Boswell author Luanne Armstrong releases new teen novel

Web Lead

  • Thu Aug 9th, 2012 9:00am
  • News

The cover of Boswell author Luanne Armstrong's new book

Luanne Armstrong is well known for her poetry and non-fiction but nearly half of her published books have been aimed at the young reader fiction market.

In I’ll Be Home Soon, Armstrong chronicles the harrowing story of Regan, a 13-year-old who lives with her mom in Vancouver’s downtown eastside. When mom doesn’t return from a promised two- or three-day absence, Regan is left to fend for herself and, eventually to unravel the mystery of her disappearance.

In the two opening paragraphs of I’ll Be Home Soon, Armstrong lures both young and adult readers into Regan’s gritty world:

“Regan checked the street behind her to make sure no one was looking at her. She ran into the alley, stopped at the fallen gate, picked her way through a backyard littered with bags of trash, twisted pieces of bicycles, rusty grocery carts and broken glass. Blackberry vines and white-flowered morning glory were slowly eating it all up.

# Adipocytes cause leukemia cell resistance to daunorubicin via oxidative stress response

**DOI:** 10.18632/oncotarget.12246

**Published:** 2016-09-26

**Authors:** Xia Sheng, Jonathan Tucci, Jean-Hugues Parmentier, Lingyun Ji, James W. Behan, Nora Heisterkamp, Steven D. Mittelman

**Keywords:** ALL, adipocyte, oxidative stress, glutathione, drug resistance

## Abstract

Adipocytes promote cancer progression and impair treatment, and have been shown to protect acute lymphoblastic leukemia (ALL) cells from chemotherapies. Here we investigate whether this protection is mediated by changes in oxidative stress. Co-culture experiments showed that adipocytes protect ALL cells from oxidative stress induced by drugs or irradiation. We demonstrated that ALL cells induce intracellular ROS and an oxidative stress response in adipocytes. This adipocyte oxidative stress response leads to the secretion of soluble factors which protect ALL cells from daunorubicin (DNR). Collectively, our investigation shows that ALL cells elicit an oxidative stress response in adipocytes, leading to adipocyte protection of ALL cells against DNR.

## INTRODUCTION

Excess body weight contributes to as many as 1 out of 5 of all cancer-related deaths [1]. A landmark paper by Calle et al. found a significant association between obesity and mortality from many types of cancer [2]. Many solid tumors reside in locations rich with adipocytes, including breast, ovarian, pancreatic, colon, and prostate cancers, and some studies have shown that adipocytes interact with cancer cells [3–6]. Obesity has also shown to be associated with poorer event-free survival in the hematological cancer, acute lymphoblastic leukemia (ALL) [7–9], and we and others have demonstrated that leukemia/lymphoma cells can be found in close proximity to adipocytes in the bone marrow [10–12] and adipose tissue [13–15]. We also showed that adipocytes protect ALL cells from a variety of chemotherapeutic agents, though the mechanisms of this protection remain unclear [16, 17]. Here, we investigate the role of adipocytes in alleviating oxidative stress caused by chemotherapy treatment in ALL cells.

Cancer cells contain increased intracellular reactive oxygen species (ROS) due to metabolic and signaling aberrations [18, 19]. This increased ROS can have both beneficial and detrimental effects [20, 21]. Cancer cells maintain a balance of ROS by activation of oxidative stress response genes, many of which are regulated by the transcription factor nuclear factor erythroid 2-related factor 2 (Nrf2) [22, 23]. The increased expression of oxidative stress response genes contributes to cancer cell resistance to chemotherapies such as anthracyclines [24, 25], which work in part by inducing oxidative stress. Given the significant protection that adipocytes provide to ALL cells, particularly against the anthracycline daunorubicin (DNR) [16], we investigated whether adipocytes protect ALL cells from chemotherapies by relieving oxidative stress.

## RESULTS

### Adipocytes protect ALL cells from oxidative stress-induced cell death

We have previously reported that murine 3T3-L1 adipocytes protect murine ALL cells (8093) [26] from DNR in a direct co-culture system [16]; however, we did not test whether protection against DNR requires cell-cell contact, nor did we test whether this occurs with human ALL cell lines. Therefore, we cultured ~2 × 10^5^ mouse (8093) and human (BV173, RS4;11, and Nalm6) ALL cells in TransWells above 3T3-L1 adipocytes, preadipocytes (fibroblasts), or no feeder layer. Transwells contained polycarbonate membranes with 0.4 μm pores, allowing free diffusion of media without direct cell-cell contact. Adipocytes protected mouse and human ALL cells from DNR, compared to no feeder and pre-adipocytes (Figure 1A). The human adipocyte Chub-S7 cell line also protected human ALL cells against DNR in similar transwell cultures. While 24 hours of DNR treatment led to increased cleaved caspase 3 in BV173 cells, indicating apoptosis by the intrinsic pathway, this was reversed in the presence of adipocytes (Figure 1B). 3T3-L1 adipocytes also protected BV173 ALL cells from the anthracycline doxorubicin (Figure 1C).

“She climbed through a broken window into the abandoned house, picked her way past the lumps of human waste on the old wooden floor, up a broken staircase and out another window. Then she squatted on the roof the porch, in the shadows, just under the overhang of the roof to watch the street.”

Left to rely on her own resourcefulness, and skills learned in kung fu class, Regan pulls the reader along with her as she struggles to maintain her independence and figure out what has happened to her mother.

Armstrong, who has a new non-fiction book due to be released this month — The Light Through the Trees: Reflections on Farming — can tell a story that engages readers of all ages, as six earlier books aimed primarily at young readers prove. With short sentences, a basic vocabulary and fewer than 200 pages, I’ll Be Home Soon keeps readers engaged and makes Regan a convincing and very likeable teen.

Armstrong is an adjunct professor of creative writing at the University of British Columbia who continues to work primarily from her family farm on Kootenay Lake, where she grew up. She is currently working on a book about the ethics of autobiographical writing.